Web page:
The surgical team at the MedStar Georgetown University Hospital Skull Base Center offer nationally-renowned expertise in minimally invasive, endoscopic techniques.
While rare, many types of tumors can develop in the “skull base,” or the gap between the bottom of the brain and the part of the skull that is directly below it. Depending on the size and location of the tumor, diseased tissue can often be removed endoscopically. This type of surgery is also sometimes called “neuroendoscopy,” “expanded endonasal approaches,” or “minimally invasive brain surgery.”
Endoscopic surgery is minimally invasive and typically does not require any incisions. This approach can be used to avoid traditional approaches that require an open craniotomy. Compared to traditional approaches, minimally invasive techniques allow for less pain and scarring, faster recovery, and lowered risk of complications.
During endoscopic skull base surgery, a thin, camera called an endoscope is inserted into a natural opening in the body, such as the nose (an approach that is called “endonasal”). The endoscope is used in conjunction with specially designed long and narrow surgical tools. The surgical team uses a video monitor to guide their work.
Cutting-edge technology helps our expert surgical team to achieve optimal patient outcomes. Neuronavigational guiding technology provides a high-tech “GPS”, guiding the surgeon’s movement within the brain. Neurophysiological monitoring technology tracks electrical activity within the patient’s brain throughout a surgical procedure, ensuring that the brain is continuing to function appropriately.
Specific types of minimally invasive endoscopic surgeries include:
- Endoscopic endonasal resection of pituitary tumors: This technique allows surgeons to remove diseased tissue in the pituitary gland, operating via an endoscope that is inserted through the nose.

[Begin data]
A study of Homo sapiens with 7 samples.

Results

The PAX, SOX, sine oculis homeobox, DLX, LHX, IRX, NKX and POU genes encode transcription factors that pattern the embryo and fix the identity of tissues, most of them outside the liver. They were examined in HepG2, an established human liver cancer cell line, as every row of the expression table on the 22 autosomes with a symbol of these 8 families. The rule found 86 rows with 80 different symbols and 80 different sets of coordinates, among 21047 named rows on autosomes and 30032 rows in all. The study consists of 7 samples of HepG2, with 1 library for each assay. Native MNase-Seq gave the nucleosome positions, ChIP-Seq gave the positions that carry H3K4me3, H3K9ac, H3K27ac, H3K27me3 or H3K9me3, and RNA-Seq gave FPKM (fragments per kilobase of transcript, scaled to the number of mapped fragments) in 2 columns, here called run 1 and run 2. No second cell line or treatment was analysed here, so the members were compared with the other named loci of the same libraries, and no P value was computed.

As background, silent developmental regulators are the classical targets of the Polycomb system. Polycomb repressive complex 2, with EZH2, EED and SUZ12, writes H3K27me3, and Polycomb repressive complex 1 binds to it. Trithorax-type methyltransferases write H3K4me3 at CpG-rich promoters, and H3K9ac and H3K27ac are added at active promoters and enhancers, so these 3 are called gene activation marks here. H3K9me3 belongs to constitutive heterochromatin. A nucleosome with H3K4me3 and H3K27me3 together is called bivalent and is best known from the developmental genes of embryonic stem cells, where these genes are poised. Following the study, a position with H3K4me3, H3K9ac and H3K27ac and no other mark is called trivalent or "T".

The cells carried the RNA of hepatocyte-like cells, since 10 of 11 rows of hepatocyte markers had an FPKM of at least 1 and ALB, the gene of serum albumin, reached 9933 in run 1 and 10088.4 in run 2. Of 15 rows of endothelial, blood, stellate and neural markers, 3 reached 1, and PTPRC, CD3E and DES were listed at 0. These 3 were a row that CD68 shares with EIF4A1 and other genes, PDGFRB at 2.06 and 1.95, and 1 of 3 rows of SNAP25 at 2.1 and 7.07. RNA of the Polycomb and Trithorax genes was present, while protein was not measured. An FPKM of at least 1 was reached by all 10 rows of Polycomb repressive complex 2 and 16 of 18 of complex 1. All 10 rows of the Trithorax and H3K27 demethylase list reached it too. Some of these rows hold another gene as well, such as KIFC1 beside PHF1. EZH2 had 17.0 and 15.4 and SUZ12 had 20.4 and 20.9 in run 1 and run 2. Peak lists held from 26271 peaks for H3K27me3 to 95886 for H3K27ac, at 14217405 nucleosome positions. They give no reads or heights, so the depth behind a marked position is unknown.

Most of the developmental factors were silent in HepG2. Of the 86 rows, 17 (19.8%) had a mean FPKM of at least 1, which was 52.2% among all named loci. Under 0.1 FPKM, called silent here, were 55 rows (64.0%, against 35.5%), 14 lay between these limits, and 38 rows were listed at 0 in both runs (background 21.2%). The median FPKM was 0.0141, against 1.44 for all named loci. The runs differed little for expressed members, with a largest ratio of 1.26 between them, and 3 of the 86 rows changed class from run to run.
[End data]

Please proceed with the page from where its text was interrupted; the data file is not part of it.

- Expanded endoscopic endonasal resection of skull base tumors: This technique allows surgeons to remove diseased tissue found in the area between the brain and sinuses, operating via an endoscope that is inserted through the nose.
- Endoscopic endonasal treatments for cerebrospinal fluid (CSF) leaks and encephalocele: CSF is a clear liquid that surrounds the brain and spinal cord. When this fluid leaks, surgery is typically required. This technique allows surgeons to operate via an endoscope that is inserted through the nose.
- Endoscopic endonasal treatment of the upper spine and clivus: The upper cervical spine is another term for the neck. The clivus is a particular bone found in the skull base. Problems affecting these areas can include chordomas, odontoid fractures, basilar invagination, and rheumatoid pannus. This technique allows surgeons to operate on this area of the skull base via an endoscope that inserted through the nose.
- Endoscopic endonasal treatment for brain tumors: A brain tumor is a benign (non-cancerous) or malignant (cancerous) growth that develops in the brain. This term is also sometimes used to describe tumors that did not originally begin their growth in the brain, but have expanded there from another part of the body. This surgical approach allows clinicians to remove diseased tissue from in and around the brain, operating via an endoscope that is inserted through the nose.